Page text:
This month, our founder Kirsten is visiting a handful of startup offices to talk about the history of menstruation, how it holds us back, and what we can do to reclaim it. Since we’ve got a remote team, a global community, and a real sense of FOMO, we asked her to share the key parts of her talk with us. For a little lesson on the absurd history of period talk and some let’s-shake-things-up motivation, watch the video below and/or read the expanded text version beneath it.
March is Women's History Month and one thing I think we should be talking about is the history of the menstrual cycle, how it's holding us back, and what we should be doing to reclaim it.
Let me tell you a little bit about what's been going on. During the first 1,500 years of written language, there was radio silence. Nobody was talking about periods. The first mention of menstruation in text (or at least the earliest mention we can find) is in the book of Leviticus where it said, "That thing is so vile, it's as vile as a menstruating woman." Literally, that is the first recorded thing that anybody ever wrote about us people with periods; that we are vile. And then, in the third century, Aristotle wrote, "Women are the inferior species because they menstruate."
Can you believe this? Women are the inferior species because they menstruate? We are feeble because our bodies perform the biological function necessary to create life and keep our species going?
I believe that the way that we talked about women and menstruation informed how women related to who they were, how valuable they were, and how powerful they were. It stuck to us like glue and even today, the history of menstruation’s negative framing continues to stick to us. It’s at the root of the shame we were conditioned to feel about it and, by extension, the culture of hiding our periods. (Why do you think we whisper when we ask for a tampon? Why do you think we hide it in our sleeves or pockets en route to the school/office/restaurant bathroom?)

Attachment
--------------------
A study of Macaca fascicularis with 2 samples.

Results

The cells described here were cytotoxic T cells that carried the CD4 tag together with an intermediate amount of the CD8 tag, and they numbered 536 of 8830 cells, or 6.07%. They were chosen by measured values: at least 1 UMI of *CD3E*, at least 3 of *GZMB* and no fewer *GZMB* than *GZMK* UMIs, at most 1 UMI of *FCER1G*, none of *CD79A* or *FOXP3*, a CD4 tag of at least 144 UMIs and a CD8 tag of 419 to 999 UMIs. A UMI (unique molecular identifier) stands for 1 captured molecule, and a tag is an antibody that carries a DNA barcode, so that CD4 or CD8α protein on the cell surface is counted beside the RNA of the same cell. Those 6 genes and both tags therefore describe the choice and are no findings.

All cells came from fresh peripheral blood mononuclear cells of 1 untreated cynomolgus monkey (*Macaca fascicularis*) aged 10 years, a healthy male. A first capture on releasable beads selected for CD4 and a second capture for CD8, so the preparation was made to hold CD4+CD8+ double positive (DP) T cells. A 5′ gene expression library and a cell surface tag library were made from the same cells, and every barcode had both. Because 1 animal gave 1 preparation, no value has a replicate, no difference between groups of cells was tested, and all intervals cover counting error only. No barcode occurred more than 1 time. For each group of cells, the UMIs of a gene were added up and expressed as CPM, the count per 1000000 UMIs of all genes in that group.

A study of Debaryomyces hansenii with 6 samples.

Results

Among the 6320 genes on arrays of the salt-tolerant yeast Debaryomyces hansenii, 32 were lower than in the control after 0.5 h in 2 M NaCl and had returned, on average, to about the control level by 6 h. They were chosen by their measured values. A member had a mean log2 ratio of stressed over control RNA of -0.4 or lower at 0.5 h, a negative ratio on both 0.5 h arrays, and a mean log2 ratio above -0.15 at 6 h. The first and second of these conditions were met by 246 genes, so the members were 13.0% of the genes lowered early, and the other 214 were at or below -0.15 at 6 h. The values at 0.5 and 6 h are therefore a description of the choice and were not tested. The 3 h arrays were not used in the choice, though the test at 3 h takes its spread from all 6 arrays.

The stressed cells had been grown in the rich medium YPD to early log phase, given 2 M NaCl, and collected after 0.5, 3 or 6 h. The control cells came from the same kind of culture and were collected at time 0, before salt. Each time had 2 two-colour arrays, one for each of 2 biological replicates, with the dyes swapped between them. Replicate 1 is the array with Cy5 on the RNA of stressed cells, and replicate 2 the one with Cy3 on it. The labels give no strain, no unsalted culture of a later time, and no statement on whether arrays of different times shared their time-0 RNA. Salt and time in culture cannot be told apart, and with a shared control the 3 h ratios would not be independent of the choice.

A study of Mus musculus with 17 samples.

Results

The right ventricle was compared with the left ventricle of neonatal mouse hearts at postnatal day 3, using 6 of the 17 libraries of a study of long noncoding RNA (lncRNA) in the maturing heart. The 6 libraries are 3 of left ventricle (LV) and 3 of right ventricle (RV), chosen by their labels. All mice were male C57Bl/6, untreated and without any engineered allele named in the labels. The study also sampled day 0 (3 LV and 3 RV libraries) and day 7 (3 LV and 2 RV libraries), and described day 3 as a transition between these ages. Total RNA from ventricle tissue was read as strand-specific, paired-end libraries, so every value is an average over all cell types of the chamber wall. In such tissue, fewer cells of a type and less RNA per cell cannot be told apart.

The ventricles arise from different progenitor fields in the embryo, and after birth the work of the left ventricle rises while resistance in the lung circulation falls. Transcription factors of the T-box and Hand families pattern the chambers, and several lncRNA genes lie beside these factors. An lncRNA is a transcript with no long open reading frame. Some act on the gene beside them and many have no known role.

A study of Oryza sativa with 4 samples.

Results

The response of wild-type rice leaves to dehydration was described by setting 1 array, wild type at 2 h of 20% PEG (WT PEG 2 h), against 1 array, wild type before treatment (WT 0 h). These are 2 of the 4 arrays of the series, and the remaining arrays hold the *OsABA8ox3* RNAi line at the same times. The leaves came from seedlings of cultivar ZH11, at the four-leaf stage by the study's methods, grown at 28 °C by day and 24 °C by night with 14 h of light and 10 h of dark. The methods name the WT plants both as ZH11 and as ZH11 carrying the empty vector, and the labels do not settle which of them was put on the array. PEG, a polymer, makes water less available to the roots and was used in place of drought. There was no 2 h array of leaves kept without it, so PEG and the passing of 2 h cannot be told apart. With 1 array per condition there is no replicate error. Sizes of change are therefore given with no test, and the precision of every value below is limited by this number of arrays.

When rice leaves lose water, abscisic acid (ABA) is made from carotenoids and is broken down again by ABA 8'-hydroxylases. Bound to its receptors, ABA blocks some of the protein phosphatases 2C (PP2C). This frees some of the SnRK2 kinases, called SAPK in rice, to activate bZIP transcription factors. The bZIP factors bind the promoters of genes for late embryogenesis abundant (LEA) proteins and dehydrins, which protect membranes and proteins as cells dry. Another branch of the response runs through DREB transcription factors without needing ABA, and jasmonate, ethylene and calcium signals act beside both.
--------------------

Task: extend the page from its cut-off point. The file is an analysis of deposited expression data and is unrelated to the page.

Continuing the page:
And it’s not just the messaging from a bygone era. Even now, when we walk down the aisle at the pharmacy, we’re bombarded with products for “sanitization” and “deodorization.” We’re told because we menstruate, somehow we're dirty or filthy and we need to be cleaned up, shut up, and sanitized.
This has to stop.
One way you can help put an end to it is by talking about periods more often and more openly. Talk about it with your friends, your mother, your grandmothers, your daughters, your partners, and even with the non-menstruating humans in your life. It’s only a taboo as long as we keep quiet about it.
If silence, discretion, and complacency are our M.O., we’ll never change anything. We will still be at home, curled up with our hot water bottles.
Did you know, in the US alone, 80 million of us suffer from period problems every single month? If we don’t normalize period talk, only a select few of us will get the information needed to DO something about it. But if we open up and talk about it, we can spread the message that cramps and PMS are not “normal” (common yes, normal no), not healthy, and not necessary. Imagine how much more we could achieve, as individuals and as a group, if 80 million of us were freed from cyclical suffering.
A future where people feel GREAT while on their periods is what drives me. But, let’s get back to the history of menstruation because there’s one more important thing to know: From the third century through to the eighth century, people were seriously afraid of menstrual blood. Not exaggerating, it was one of the things people feared the most.
The myths about all the things that period blood could supposedly do are ridiculous: It could melt a penis. It contained gonorrhea. Women who were menstruating were considered dark gods by some cultures. If it got on food, it would poison the food. It could kill crops. It turned wine to vinegar. It was some serious powerful shit.
I like to think about what would have happened if women had decided to use this to their advantage. Imagine a fourth century man messing with a woman… what if she just put her hands in her pants, grabbed some menstrual blood and said, "Back off, pal, because this is going in your eyes if you get any closer to me." He would have thought she was mad, but he probably would have also feared her. I think that if that would've happened back in the third or fourth century, the power dynamic would have been totally different; women could have ruled the world.
We can’t travel back in time, but as far as ruling the world goes, better late than never. We don’t need to threaten people with our blood, but let’s own our periods and embrace our power. Let’s talk about periods and heal the period problems that keep us from operating at full force.
Share this video (and post) so we can start spreading the world about how the history of the menstrual cycle is holding us back and what we can do to reclaim it.